The Lost Art of the Cold Call
If you're convinced cold calling is still a worthwhile sales tactic, don't look to Google for affirmation. A search for "cold calling statistics" turns up a whole bunch of numbers, most of them overwhelmingly negative. An article titled "The Horrifying Reality of Cold Calling" (the first Google result) cited a HubSpot survey that found cold calling costs 60 percent more per lead than inbound marketing tactics. One blog cited a study in which 6,264 cold calls yielded 19 appointments, for a 0.3 percent success rate. Another site pegged the success rate at a much rosier 1 to 3 percent.
It's enough to convince salespeople to ditch the cold call for good. But is it a fair assessment? Is there any value left in cold calling, despite its tarnished reputation and the discouraging statistics? Plenty of experts think so.
"Cold calling is critical as a tool for salespeople who want to grow their business," said Rick Greene, MAS, regional vice president for Chatsworth, California-based HALO Branded Solutions. "It's also important as a vehicle to stay sharp, keep your skills honed and remain at the top of your game. Otherwise, you'll slump off into inertia, see your sales slowly (or rapidly) taper off and settle into a half-aware blob of reactive quotes and reorders until you fade into the wallpaper."Cold calling is training, it's exercise and it's hard work-and it's usually the last thing the average sales person wants to do," he added. "So, don't be average. Embrace it as part of your daily activity or become that blob. Your choice."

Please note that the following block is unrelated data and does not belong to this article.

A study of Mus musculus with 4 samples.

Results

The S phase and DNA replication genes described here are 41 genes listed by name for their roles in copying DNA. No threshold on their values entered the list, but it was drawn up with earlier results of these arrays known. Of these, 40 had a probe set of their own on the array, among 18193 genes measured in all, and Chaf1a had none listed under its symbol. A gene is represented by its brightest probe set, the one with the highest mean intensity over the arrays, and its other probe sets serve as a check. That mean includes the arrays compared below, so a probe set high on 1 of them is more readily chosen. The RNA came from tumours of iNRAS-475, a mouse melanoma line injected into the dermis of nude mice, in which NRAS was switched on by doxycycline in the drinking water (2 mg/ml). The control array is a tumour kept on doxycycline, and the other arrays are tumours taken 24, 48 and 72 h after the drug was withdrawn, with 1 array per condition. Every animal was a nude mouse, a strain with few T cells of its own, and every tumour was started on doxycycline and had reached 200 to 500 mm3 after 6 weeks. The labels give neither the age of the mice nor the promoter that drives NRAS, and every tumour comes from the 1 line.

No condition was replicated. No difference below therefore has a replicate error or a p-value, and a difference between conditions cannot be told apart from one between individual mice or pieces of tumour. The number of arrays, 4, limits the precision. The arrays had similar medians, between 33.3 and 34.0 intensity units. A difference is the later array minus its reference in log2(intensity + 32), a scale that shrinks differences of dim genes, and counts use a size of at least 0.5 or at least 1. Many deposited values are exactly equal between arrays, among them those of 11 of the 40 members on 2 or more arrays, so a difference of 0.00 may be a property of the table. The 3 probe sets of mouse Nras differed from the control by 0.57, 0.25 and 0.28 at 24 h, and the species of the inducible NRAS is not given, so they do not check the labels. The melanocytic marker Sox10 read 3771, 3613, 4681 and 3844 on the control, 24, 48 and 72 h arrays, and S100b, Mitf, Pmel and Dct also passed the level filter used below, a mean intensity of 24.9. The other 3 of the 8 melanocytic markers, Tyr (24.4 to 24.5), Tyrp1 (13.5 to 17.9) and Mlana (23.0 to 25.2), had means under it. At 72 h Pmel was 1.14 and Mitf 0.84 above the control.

Nobody said it was easy, but with the right approach, cold calling can still provide a major boost to sales. Here are five ways to make it work for you.
1. WARM IT UP
Knocking on doors unannounced or blindly dialing down a call list may have worked in the pre-Internet era of selling, but nowadays those strategies likely won't get you far. Before you start calling, it's good to know some basic information about your prospect. "A totally 'cold' sales call today should be a thing of the past," explained Gregg Emmer, vice president and chief marketing officer for Kaeser & Blair Inc., Batavia, Ohio. "A 'warm' call is more appropriate. All the alternative communications methods provide a reasonable resource to find out about businesses before you show up at their door. Even a little information conveys to your prospect that you are interested in doing business with him, not just business in general."